Traverse City Record-Eagle

August 3, 2012

Editorial: Contributions help Academy keep up with tech changes


---- — It's not like you can borrow the keys to a 1,000-foot freighter and practice piloting it through the locks at Sault Ste. Marie or tool around in a big laker during a storm on Lake Michigan just to get a feel for how it rides the big waves.

But students at Northwestern Michigan College's Maritime Academy are expected to have those skills when they graduate to the big freighters that ply the Great Lakes or to ocean-going fleets. For the past few years they've been able to get some of that training on the college's bridge simulator, which gave students a chance to steer a big ship through digital rivers, lakes and ports using displays on a wall of flatscreen televisions.

Now, however, the school wants to offer students certification in electronic chart displays used for navigation on the Great Lakes, a must for students who want to land jobs in the 21st Century.

It turns out the school's old simulator didn't have the upgrades needed to provide that certification and the company that built it was closing shop. That left the academy with two choices — not offer the chart certification or buy a new simulator at a cool $680,000.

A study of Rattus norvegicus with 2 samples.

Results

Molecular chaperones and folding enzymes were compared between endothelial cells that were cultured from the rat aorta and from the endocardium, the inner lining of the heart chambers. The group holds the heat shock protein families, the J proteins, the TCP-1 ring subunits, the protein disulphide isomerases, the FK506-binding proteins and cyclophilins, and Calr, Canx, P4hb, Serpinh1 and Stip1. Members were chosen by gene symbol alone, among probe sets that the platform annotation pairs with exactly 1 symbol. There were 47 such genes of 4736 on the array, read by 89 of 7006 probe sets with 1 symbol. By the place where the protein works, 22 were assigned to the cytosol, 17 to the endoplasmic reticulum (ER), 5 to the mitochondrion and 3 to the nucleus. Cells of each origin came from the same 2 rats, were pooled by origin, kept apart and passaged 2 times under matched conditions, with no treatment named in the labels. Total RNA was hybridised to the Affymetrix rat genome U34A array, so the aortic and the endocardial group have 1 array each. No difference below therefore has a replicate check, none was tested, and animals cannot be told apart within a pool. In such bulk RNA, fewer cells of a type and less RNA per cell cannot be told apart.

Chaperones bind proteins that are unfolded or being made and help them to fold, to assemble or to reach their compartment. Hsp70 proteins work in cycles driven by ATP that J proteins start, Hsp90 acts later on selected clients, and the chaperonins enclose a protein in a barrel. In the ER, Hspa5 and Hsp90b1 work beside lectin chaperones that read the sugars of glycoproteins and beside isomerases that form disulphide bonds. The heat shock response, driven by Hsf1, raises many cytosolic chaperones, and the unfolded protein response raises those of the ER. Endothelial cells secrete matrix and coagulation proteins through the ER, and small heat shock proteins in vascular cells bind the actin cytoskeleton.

The obvious choice was to buy a simulator, since not offering the needed certification did students no good, but $680,000 is a lot of money.

The college has been able to turn to a variety of sources to pay about 80 percent of the cost of the simulator, taking a big burden off Grand Traverse County taxpayers who pay a millage to support NMC.

Traverse City-based Rotary Charities offered a challenge grant to match all donations up to $20,000, the Biederman Foundation contributed, at least two Great Lakes shipping lines chipped in, so-called "propeller clubs" donated and the academy got some of the proceeds from a federal ship scrapping operation, according to Rear Adm. Jerry Achenbach, Maritime Academy superintendent.

Achenbach said the college has also been getting in-kind contributions from the shipping industry, particularly in holding berths — positions on ships — for academy graduates.

The academy says the new simulator will allow students to "see and feel what it's like to cruise through" a host of rivers and the Great Lakes without worrying about making a catastrophic mistake, according to Capt. Michael Surgalski.

The Maritime Academy will be the only facility of its kind with that level of high-tech training in the Great Lakes region, Achenbach said, allowing students to work in the maritime industry from the Gulf of Mexico to the Great Lakes. That's an investment worth making.